Era ends in Heidelberg as U.S. Army Europe transforms
September 13, 2013
WASHINGTON (Army News Service, Sept. 13, 2013) -- U.S. Army Europe closed its garrison and former headquarters last week in Heidelberg, Germany, and the U.S. Army Europe commander said two more major garrisons will close during his command's transformation to a smaller and more agile force.
Schweinfurt and Bamberg will close by 2015, said Lt. Gen. Donald M. Campbell Jr., U.S. Army Europe, or USAREUR, commander, during a bloggers roundtable teleconference, Sept. 12, from his new headquarters in Wiesbaden. He added that U.S. Army Europe will downsize over the next five years to less than 30,000 Soldiers.
"You know, we were at 213,000 Soldiers in the United States Army Europe in 1989," Campbell said. Today, the force is at about 32,000 Soldiers.
"If you look at it and think about it from a transformation standpoint, I wouldn't argue in any way that we need 200,000-plus," Campbell said, explaining that times have changed since the Cold War.
"I'm very comfortable as a commanding general telling you that we can do it with 30,000 Soldiers that we'll maintain in the future," he said.
"USAREUR has adapted and transformed," Campbell said. "And I like to think that we're more agile and mobile, to support national security interests that are here, because it's such a great launching pad to get to different parts of the world."
In the next five years, Campbell said USAREUR will downsize to seven major garrisons. In the last 20 years, he said more than 580 U.S. installations have closed in Europe. Mannheim cased its colors at the end of May.
Seven major garrisons are expected to remain open in Europe. In Germany, Grafenwoehr, Kaiserslautern, Ansbach, Wiesbaden, and Stuttgart will remain. Benelux garrison in Belgium and Luxembourg is also programmed to stay open for the long-term, as is Vicenza, Italy.
Campbell said there will also be sub-installations, numbering between 58 and around 70, depending on what the Office of the Secretary of Defense decides.
Sequestration is also affecting training, Campbell said. Collective training is now primarily at the platoon level and below, he said, adding that could over time degrade readiness at the company level and above.
"But we're looking for creative ways, as I said, using simulations, trying to partner with some of our European and NATO allies to do training and exercises," he said.
One innovation, which will begin this fall, is the rotation of battalion combat teams from the 1st Brigade, 1st Cavalry Division, to support the training mission in Europe.
"You know, it's going to be a great opportunity for that unit to come over in the fall, and then again in the spring, and then again in the fall next year -- two rotations a year at about 60 days at a time to train here -- to participate as part of the NATO Response Force and the European Response force that we've designated," Campbell said.
Different battalion task forces from the 1st Brigade Combat Team, 1st Cavalry Division, will rotate over. They will participate in computer-assisted simulations and also tactical exercises. They will train with NATO partners and other nations, he said.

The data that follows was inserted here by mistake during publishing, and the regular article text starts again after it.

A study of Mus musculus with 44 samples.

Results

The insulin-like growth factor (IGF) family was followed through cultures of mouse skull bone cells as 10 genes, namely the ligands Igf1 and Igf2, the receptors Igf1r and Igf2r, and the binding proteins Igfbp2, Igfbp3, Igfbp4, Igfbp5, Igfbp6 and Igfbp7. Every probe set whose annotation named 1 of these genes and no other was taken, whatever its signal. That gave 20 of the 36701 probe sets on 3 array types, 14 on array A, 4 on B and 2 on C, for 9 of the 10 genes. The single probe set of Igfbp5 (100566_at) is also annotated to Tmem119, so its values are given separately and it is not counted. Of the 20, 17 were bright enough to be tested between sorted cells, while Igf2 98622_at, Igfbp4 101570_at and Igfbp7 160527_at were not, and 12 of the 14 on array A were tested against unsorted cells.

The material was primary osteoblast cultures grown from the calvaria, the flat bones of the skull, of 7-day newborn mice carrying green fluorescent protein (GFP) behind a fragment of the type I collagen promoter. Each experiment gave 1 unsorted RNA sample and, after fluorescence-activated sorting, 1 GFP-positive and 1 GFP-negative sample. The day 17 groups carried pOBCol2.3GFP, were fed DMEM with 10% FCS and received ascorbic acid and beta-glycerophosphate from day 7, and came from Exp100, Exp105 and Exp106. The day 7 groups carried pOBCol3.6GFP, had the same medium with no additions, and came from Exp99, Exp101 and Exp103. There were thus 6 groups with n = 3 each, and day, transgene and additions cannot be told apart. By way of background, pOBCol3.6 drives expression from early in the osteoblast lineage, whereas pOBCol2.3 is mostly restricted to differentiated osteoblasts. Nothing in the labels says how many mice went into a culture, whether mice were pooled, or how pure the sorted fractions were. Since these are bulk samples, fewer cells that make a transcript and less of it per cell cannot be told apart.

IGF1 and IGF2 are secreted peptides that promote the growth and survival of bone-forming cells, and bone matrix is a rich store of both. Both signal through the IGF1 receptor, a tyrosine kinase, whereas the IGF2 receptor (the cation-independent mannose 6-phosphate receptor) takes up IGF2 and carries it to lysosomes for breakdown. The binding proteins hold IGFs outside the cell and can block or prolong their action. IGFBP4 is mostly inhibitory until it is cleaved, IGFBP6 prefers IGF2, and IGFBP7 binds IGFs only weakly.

The long-term vision in Europe, Campbell said, includes both partnering with and training with the NATO response force as part of combined exercises.
Campbell said USAREUR will also continue a big focus on theater security cooperation as the force transforms.
The garrison in Heidelberg had its closing ceremony Sept. 7. Campbell was stationed there, from 2005 to 2007, as chief of staff of V Corps. Campbell spent about eight years there in total, and said the closing was emotional, especially when he attended a farewell dinner with the German community earlier this summer.
"There was a lump in my throat," he said. "There was some sadness."
"So, yeah, it was a tough day. It was a sad day. But it really highlighted what I call -- not the end -- but the continued transformation of United States Army in Europe," he said.
As part of that transformation, the 170th Infantry Brigade was inactivated last October in Baumholder, Germany, and the 172nd Infantry Brigade, headquartered in Grafenwoehr, cased its colors in June.
That leaves the 2nd Cavalry Regiment in Germany -- now deployed in Afghanistan -- and 173rd Airborne Brigade in Vicenza, as the major U.S. Army combat units in Europe, along with the 12th Aviation Brigade.
As Schweinfurt, Bamberg and other garrisons in Germany prepare to close, Campbell said USAREUR will work closely with the U.S. Army Installation Management Command Europe to ensure Soldiers and civilians continue to have access to services such as medical care and post exchanges as long as possible.
"So I can assure you, it's a very synchronized process," Campbell said. "Is it perfect? No. But are we doing a good job to make sure that everybody understands when the services are going to move on and when we're going to move them? Yes, they know.
"And we're doing our best to continue as long as we can, to maintain services, obviously, in Bamberg and Schweinfurt, but it'll be the same thing," Campbell explained. "It'll be a cascading, synchronized process to make sure that everybody gets taken care of until the last Soldier leaves or the last civilian shuts off the lights and hands the keys to the mayors of Bamberg and Schweinfurt."